US FDA Launches LASIK Study

by Gopalan on  October 19, 2009 at 3:58 PM General Health News
The U.S. Food and Drug Administration has announced the launch of a study to assess the problems faced by patients after LASIK surgery.

The Laser-Assisted In Situ Keratomileusis (LASIK) is a surgical procedure that uses an eximer laser to permanently change the shape of the cornea, but there have been complaints of pain and discomfort from a number of patients. And hence the study  called the LASIK Quality of Life Collaboration Project, in which the FDA will be working with the National Eye Institute and the U.S. Department of Defense.

Funded by the government agencies, the project is composed of three phases. The objective of Phase 1, which began in July 2009, is to design and implement a Web‑based questionnaire to assess patient-reported outcomes and evaluate quality of life issues post-LASIK, some of which may relate to the safety of the lasers used in the LASIK procedure.

Phase 2 will evaluate the quality of life and satisfaction following LASIK as reported by patients in a select, active duty population treated at the Navy Refractive Surgery Center.

Phase 3 will be a national, multi-center clinical trial and will study the impact of the procedure on quality of life following LASIK in the general population. Patient enrollment in Phases 2 and 3 have yet to begin but plans are underway. Phase 3 is expected to end in 2012.

The results of the project will help identify factors that can affect quality of life following LASIK and potentially reduce the risk of adverse effects that can impact the surgical outcome. If any of these factors are related to the safety or effectiveness of the lasers used in LASIK surgery, the FDA will evaluate whether any action is necessary. The project is part of the FDA's ongoing effort to better monitor and improve the safety and effectiveness of the lasers used in LASIK surgery.

"This study will enhance our understanding of the risks of LASIK and could lead to a reduction in patients who experience adverse effects from the procedure," said Dr. Jeffrey Shuren, acting director of the FDA's Center for Devices and Radiological Health.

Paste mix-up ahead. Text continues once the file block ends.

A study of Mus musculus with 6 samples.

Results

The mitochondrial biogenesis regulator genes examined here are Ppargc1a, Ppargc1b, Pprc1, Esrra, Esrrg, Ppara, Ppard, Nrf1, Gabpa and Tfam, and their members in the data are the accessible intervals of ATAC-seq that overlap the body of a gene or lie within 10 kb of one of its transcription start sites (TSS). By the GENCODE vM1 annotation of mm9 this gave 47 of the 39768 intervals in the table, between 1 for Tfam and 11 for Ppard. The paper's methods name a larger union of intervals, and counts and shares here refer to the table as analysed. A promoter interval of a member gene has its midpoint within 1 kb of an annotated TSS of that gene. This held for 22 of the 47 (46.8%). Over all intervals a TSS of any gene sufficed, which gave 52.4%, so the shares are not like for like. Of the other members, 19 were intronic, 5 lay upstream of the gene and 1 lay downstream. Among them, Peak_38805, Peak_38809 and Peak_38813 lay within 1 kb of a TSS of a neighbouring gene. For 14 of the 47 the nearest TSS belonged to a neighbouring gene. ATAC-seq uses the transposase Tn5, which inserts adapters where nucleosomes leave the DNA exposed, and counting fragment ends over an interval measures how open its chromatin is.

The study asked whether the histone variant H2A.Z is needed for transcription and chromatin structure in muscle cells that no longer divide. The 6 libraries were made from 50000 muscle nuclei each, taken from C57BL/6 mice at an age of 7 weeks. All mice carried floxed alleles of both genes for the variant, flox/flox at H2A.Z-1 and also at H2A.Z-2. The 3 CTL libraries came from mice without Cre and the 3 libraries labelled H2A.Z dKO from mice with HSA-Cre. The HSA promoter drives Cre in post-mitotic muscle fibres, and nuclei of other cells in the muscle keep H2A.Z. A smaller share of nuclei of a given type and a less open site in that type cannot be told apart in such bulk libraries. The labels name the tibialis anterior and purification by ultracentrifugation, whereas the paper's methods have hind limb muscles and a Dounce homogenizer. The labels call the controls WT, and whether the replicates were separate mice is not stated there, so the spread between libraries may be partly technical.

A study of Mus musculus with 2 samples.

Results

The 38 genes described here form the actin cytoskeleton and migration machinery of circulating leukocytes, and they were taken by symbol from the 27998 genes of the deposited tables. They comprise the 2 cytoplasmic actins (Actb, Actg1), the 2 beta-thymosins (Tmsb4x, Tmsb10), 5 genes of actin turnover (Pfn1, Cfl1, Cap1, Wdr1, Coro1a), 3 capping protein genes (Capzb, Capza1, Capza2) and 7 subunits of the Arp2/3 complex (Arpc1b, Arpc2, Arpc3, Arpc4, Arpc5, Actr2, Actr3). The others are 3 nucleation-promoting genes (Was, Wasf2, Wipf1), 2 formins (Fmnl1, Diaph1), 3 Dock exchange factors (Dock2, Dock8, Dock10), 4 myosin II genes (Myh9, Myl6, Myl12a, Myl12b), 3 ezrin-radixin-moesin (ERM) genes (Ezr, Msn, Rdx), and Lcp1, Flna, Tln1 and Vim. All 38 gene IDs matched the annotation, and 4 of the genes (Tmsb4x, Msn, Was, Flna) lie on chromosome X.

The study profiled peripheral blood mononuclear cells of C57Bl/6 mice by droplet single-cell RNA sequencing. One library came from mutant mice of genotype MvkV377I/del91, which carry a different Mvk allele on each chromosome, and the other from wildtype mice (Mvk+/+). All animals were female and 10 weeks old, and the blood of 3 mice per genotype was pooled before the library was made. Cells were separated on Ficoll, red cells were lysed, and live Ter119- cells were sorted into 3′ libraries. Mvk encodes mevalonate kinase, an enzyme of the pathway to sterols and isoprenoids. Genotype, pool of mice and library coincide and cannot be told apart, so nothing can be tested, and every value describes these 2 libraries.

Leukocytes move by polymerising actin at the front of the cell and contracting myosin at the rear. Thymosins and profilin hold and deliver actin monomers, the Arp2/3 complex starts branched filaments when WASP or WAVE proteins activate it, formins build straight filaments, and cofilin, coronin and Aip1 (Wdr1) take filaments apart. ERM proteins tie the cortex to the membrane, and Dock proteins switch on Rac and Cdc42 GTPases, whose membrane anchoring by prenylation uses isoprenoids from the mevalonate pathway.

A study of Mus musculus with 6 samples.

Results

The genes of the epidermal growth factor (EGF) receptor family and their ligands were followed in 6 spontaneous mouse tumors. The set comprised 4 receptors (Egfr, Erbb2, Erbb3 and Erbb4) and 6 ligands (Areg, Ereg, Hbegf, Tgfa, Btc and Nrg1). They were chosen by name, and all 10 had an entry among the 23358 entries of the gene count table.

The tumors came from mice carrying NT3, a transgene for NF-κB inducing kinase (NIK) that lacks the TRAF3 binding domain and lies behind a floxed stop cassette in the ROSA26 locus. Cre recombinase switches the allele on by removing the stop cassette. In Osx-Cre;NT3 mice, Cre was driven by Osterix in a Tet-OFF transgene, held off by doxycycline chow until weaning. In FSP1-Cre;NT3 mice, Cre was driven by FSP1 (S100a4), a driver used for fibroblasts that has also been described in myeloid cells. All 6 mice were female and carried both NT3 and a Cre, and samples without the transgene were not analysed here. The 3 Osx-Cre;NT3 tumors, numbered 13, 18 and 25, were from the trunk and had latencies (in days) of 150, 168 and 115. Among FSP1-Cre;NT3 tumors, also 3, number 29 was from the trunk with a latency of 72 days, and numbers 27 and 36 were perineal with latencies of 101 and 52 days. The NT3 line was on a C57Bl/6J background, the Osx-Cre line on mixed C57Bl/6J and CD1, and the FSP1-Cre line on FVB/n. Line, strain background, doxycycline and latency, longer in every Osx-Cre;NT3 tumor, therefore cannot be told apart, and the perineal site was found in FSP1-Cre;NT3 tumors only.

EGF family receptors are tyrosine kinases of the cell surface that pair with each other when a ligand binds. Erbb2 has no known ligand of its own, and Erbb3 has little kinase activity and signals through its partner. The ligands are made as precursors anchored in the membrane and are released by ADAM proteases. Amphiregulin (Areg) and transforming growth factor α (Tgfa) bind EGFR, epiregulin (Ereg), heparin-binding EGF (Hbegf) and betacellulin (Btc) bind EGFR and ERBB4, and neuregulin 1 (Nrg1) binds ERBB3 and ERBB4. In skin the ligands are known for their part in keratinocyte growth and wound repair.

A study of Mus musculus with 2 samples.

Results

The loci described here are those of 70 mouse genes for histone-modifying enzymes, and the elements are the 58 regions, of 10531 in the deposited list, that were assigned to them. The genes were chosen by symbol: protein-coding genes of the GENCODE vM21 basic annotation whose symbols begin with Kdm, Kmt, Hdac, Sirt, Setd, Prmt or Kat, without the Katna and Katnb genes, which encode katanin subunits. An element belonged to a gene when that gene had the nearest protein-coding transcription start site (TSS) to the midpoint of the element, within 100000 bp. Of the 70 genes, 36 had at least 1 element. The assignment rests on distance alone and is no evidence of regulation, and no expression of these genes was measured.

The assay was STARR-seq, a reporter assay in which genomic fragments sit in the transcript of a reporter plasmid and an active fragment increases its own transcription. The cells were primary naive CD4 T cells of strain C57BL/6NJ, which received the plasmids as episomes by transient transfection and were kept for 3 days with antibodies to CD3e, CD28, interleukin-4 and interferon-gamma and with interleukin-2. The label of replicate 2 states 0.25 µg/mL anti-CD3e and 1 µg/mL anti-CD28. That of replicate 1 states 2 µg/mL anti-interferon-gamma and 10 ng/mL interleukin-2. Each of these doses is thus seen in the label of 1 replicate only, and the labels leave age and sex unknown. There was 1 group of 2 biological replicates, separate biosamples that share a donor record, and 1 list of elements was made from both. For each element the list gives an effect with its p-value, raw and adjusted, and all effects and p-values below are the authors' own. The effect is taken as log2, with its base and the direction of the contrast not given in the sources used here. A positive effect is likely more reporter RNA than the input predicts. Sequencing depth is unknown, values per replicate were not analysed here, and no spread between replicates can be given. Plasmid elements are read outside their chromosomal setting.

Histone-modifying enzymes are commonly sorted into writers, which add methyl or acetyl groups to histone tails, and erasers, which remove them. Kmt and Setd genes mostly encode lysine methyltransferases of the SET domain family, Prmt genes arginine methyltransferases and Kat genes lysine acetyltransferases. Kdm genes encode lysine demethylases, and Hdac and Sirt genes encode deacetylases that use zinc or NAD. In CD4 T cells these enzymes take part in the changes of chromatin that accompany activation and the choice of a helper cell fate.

The FDA also announced that it issued warning letters to 17 LASIK ambulatory surgical centers after inspections revealed inadequate adverse event reporting systems at all the centers. The inspections did not identify problems with the use of the LASIK devices at these facilities.

Under legislation passed in 1990, user facilities, which include nursing homes, outpatient clinics and ambulatory surgical centers, must report device-related deaths to the FDA and to the device manufacturer. They also must report device-related serious injuries to the manufacturer or to the FDA if the manufacturer is not known. Requirements include having a written protocol for adverse event reporting.

The FDA inspected ambulatory surgical facilities that perform LASIK over the past several months and additional inspections are pending. The FDA regulates ophthalmic lasers used in LASIK, including monitoring their continued safety and effectiveness by analyzing reports on their post-market use, it has been stated on its website.

"Many people in the U.S. undergo LASIK procedures," said Shuren. "Ambulatory surgical centers that perform LASIK must maintain a robust reporting system as required by law. Reporting adverse events to the FDA is critical to better understand the safety and effectiveness of ophthalmic lasers used in LASIK procedures and to enable the FDA to take appropriate actions where the lasers do not meet safety and effectiveness requirements."

Source: Medindia



My experience: 44 year old male with diabetes. The doctor told me that I would probably need reading glasses. I thought (stupidly) that everytime I would read a book I would need reading glasses. Instead everytime I look at small print, I need reading glasses and it sucks. During the healing process severe pain and discomfort for three months. I still have complaints of eye hurting when sleeping and first waking up (a little over a year post op). Something about tear production and certain nerves being cut in the process. To top it all off the facility that did the procedure changed doctors on me three times. If I would have known that the doctor would not be there till the end I would not have had it done with him and that national chain. A year post op and some days my vision better than others and some days my eyes drier than others. I think there also needs to be some research for patients with diabetes. I do not know what the future will hold.


I had the lasik procedure done in 2006 after I returned home from Iraq. Everything was great for a year or so. I could see far better than I had with glasses. Then about, 2007-2008, my vision slowly started to decline. Now in 2009, my vision had declined so far, I have had to start wearing a special contact that helps hold the shape of my cornea. When the procedure was done, my cornea was cut so thin, that now it is flimsy and doesn't hold shape. Lasik has been a complete waste of money for me and will eventually cost me more money than a lifetime of glasses would have.